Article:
American Heritage® Dictionary of the English Language, Fourth Edition
- n. A musical instrument composed of a flat sound box with about 30 to 40 strings stretched over it and played horizontally with the fingertips, a plectrum, or a bow, or set into vibration by the wind, as in the Aeolian harp.
Century Dictionary and Cyclopedia
- n. Same as cithern.
- n. A musical instrument consisting of a flat sounding box with numerous strings, placed on a horizontal surface, and played with a plectrum and fingertips; similar to a dulcimer. In the Norwegian harpeleik and Swedish cittra versions, the instrument is considered a chorded zither and usually has 7 (Norwegian) to 9 (Swedish) chords, some with as many as 11 strings each, which are mostly strummed and damped as chords, although sometimes plucked. The Norwegian harpeleik and Swedish cittra are still in production by a German manufacturer.
GNU Webster's 1913
- n. (Mus.) An instrument of music used in Austria and Germany. It has from thirty to forty wires strung across a shallow sounding-board, which lies horizontally on a table before the performer, who uses both hands in playing on it. [Not to be confounded with the old lute-shaped
cittern, or cithern.]
- n. a musical stringed instrument with strings stretched over a flat sounding board; it is laid flat and played with a plectrum and with fingers
- From German, from Latin cithara, from Ancient Greek κιθάρα (kithara, "kind of harp"). (Wiktionary)
- German, from Middle High German *zitter, from Old High German zitera, from Latin cithara, cithara, from Greek kitharā. (American Heritage® Dictionary of the English Language, Fourth Edition)
“And one guy on a zither was a lot cheaper than hiring an orchestra.”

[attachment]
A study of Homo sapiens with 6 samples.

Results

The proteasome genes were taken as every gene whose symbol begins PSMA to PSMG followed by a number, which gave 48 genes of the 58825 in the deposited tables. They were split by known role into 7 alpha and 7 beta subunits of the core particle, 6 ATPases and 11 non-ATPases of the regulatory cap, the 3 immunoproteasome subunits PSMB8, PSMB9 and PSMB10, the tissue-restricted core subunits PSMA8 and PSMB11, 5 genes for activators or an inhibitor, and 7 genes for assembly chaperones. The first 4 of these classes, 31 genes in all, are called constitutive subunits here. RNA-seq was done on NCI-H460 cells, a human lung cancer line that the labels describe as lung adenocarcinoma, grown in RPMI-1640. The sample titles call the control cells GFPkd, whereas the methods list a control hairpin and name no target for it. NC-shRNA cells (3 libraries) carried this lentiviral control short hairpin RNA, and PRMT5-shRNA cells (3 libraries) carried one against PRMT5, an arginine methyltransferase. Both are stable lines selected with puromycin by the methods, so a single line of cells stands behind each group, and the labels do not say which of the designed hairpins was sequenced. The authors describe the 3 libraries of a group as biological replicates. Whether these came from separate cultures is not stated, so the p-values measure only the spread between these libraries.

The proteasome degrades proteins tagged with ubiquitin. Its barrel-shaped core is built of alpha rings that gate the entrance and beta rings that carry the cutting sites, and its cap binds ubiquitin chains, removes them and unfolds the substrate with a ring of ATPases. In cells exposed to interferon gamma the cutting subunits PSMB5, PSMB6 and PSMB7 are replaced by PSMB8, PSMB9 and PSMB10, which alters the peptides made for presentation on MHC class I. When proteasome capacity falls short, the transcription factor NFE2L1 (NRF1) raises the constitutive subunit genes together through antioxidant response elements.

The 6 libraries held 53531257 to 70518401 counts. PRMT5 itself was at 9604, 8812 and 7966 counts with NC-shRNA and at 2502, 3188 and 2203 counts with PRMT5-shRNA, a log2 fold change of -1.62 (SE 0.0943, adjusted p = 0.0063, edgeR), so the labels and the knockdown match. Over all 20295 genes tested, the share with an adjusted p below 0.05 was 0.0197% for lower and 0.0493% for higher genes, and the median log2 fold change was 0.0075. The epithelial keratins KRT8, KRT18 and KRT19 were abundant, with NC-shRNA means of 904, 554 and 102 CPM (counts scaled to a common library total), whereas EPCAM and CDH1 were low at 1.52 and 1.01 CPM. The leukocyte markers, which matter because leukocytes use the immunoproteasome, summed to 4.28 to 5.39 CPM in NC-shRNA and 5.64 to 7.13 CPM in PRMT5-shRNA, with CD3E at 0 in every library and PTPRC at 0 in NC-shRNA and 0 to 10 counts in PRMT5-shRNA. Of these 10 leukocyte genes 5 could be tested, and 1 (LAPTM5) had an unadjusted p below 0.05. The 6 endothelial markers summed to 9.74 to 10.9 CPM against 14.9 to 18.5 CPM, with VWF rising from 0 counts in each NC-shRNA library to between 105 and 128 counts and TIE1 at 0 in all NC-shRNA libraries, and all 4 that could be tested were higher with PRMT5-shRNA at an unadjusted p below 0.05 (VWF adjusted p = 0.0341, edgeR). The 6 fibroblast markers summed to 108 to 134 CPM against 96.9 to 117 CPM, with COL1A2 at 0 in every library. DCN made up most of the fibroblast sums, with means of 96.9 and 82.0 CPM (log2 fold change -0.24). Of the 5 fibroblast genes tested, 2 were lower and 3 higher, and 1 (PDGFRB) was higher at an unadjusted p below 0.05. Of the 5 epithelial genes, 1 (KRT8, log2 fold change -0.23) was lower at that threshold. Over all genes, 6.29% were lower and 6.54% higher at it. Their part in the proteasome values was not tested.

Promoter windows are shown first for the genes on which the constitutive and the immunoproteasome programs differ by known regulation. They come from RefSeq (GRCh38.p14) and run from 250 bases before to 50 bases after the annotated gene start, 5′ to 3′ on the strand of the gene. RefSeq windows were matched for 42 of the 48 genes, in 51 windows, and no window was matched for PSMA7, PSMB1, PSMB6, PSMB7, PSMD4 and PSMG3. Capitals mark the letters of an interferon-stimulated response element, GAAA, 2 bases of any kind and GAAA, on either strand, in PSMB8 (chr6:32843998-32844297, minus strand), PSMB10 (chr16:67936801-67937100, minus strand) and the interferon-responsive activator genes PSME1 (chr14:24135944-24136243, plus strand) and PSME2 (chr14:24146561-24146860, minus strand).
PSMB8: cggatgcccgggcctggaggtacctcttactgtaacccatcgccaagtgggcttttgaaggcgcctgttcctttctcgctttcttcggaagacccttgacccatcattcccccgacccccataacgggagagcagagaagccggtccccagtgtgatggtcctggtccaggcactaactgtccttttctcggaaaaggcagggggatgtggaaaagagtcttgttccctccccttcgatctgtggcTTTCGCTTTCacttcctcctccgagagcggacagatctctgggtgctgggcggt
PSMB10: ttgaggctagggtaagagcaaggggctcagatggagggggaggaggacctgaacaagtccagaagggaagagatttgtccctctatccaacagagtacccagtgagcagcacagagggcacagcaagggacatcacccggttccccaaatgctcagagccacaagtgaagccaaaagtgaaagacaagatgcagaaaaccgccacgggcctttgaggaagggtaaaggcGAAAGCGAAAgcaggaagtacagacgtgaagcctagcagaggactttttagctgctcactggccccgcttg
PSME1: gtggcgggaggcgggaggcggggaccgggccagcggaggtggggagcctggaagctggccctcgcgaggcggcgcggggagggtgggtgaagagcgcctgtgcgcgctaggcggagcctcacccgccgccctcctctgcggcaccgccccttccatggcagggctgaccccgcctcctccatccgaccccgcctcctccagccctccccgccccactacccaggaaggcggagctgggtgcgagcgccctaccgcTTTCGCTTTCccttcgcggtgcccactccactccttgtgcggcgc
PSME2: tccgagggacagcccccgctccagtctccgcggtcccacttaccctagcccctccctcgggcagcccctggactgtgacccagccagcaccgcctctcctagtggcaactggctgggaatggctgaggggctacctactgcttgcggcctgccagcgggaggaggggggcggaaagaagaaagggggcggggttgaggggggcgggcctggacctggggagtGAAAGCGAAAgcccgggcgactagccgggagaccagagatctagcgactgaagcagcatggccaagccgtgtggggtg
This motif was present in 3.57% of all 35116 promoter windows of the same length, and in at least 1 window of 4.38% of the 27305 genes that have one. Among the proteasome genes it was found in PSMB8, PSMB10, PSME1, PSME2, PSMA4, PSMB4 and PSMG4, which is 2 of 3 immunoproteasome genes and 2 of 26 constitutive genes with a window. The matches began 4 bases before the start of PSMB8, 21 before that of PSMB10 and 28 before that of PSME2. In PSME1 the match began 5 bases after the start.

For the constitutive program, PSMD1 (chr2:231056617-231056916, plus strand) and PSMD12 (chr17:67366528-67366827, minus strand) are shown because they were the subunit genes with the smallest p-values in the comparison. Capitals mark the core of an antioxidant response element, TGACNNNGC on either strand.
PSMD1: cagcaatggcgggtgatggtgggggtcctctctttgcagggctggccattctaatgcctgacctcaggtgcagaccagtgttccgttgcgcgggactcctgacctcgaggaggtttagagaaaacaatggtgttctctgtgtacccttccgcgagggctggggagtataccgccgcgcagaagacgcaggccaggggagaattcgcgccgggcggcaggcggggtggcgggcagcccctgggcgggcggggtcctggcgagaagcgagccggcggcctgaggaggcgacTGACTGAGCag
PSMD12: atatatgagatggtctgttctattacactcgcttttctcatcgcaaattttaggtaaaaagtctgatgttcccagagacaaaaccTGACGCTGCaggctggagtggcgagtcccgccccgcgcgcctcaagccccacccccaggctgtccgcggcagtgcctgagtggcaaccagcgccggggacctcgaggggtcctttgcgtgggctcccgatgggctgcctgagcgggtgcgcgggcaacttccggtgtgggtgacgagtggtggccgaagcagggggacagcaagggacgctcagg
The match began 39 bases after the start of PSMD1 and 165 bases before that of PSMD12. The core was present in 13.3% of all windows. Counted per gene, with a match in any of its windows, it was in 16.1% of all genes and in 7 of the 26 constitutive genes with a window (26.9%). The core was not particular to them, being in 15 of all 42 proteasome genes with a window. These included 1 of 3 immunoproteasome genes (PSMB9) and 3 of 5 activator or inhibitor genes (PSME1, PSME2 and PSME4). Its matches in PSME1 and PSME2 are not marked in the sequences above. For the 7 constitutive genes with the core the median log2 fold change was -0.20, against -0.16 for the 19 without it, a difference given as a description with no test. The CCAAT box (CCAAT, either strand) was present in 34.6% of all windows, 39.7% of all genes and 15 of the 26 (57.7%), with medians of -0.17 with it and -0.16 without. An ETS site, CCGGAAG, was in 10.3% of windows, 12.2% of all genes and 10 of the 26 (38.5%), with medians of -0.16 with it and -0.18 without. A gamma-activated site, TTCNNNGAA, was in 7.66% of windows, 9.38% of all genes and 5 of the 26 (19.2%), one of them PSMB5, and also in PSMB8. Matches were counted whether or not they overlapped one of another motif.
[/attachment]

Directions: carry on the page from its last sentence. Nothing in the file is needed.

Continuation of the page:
“Yes, indeed, the zither is a pearl, only it does not come from the depths of the sea.”
“The soundtrack recalls the zither music that ratchets up the tension in”
“The zither is a melancholy little instrument; in range of expression it is to the harp what the winchat is to the thrush; or to the violin, what that bird is to the nightingale; yet few instruments are so exciting: here and there along these mountain valleys you may hear a Tyrolese maid set her voice to its plaintive thin tones; but when the strings are swept madly there is mad dancing; it catches at the nerves.”
“A third was fingering some sort of instrument, a kind of zither or dulcimer with lengths of catgut strung along two axes, one set perpendicularly above the other.”
“The _Santurie_, for instance, a kind of zither, with eighteen sets of three strings each, is a most harmonious instrument from which beautiful effects can be obtained by the player.”
“Aged stringed instruments with exotic-sounding names such as zither and tremoloa hang on the walls.”
“You are the most patient creature alive," said he, "otherwise you would not be contented to go on playing the zither, which is not a very exhilarating instrument, my little Blanquette.”
“The museum has some china and silver from the Jhelium shipwreck as well as a restored symphonium which still plays, telescopes, typewriters, an Orpheus mechanical zither, swords, and the original framed letter of surrender from the 1982 conflict.”
“Though Ruari Murchison's design has trees everywhere, the view is unobstructed by anachronistic gimmicks, save for a beguiling suite of songs by Simon Slater for the much-underused medium of the zither banjo.”
These user-created lists contain the word ‘zither’.